During the second and third centuries A.D., a number of destructive heresies crept into the churches that threatened to corrupt the biblical canon. False gospels and letters appeared that claimed to have been written by the first-century apostles. Remember the tests that a book had to pass to be accepted into the biblical canon? These books did not pass the tests because they invented stories, disregarded history, and contradicted earlier canonical writings.
The Gnostics of the second century onward believed that all physical matter is inherently evil; therefore, Jesus did not have a physical body. This heresy must have had an early beginning, because the apostle John condemns an early form of Gnosticism as false teaching. The apostle says that he and others saw a physical Jesus, and touched him, after the resurrection (John 1:14; 1 John 1:1).
Docetism denied that Jesus had a physical body, but believed that he seemed to appear in one as a human. The heretical beliefs of Adoptionism stated that Jesus was a mere man whom God adopted and promoted to sonship. Apollinarianism taught that Jesus had a physical body but no human soul or mind. This heretical group said that Jesus’ human flesh was made up of some kind of divine matter instead of bone, flesh, and blood (Luke 24:38–39).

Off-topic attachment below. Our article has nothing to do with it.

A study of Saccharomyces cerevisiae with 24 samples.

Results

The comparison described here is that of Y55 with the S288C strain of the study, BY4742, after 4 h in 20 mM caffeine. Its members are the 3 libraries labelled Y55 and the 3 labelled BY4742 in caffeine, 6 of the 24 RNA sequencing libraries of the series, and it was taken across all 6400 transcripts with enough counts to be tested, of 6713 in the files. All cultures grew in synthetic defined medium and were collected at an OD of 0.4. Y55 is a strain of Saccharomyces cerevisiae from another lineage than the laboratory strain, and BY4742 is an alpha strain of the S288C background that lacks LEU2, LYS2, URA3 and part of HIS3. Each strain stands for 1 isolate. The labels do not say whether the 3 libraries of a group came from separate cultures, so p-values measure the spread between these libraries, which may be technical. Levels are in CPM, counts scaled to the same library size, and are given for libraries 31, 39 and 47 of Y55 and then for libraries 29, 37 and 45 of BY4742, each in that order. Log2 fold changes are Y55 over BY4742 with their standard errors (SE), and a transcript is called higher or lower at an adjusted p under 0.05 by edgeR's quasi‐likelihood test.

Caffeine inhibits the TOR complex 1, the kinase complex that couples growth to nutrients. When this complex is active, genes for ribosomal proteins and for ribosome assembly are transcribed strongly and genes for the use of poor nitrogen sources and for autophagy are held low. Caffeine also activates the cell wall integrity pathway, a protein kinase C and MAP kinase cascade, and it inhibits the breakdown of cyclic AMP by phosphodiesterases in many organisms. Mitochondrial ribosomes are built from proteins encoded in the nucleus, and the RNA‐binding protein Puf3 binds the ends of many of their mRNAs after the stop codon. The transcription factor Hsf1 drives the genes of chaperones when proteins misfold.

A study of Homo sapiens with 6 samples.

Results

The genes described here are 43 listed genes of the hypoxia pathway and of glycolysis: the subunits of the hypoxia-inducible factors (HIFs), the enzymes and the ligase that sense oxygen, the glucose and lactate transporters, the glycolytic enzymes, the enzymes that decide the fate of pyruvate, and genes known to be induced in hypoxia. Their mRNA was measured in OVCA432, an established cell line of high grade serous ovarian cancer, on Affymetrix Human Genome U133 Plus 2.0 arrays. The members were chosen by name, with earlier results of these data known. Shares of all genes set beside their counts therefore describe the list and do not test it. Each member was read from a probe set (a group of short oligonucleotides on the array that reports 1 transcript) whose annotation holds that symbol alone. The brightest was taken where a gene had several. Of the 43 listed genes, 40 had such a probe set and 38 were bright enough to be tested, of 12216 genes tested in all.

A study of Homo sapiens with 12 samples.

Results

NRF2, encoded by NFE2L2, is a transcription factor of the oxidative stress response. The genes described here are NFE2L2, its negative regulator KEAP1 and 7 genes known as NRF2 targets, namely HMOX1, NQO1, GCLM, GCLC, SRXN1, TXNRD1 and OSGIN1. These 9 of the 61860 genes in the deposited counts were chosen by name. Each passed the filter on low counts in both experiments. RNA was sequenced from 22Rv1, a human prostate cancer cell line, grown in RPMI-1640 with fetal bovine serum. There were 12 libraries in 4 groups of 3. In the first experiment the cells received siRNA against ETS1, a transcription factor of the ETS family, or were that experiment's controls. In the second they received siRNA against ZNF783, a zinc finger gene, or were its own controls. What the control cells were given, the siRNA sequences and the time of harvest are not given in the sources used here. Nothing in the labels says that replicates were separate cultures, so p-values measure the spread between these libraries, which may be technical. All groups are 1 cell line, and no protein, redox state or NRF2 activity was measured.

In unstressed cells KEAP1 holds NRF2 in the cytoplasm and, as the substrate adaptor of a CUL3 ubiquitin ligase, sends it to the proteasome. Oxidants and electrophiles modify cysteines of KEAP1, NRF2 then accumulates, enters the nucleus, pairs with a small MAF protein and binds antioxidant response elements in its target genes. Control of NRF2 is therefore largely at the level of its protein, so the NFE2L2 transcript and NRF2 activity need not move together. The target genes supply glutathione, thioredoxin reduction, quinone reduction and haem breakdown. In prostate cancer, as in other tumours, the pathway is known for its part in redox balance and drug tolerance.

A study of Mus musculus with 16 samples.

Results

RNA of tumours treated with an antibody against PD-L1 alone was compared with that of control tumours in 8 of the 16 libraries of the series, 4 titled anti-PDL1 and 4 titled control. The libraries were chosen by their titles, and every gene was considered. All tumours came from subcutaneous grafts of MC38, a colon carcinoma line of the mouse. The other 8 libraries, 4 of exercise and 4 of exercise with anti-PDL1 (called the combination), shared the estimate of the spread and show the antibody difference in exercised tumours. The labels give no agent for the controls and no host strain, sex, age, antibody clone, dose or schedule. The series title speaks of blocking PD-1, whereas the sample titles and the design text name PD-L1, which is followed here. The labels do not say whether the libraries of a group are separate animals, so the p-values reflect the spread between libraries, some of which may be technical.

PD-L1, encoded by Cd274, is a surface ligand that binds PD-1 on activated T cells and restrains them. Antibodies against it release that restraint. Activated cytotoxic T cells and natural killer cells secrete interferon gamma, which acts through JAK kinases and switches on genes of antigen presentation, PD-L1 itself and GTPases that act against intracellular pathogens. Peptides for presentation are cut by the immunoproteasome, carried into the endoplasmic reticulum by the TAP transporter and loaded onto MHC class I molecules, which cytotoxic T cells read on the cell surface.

Gatherings of scholars, called councils, met to debate theological issues. In every one, Gnosticism, Docetism, Adoptionism, and Apollinarianism were clearly demonstrated as false and condemned as heresy. Proponents of these teachings were allowed to debate the issue. But in every instance, they contradicted the existing books of the biblical canon. It was very clear that these teachings, and their teachers, were false and dangerous. The false teachings of these and other heretical groups compelled the church to once again confirm the biblical canon.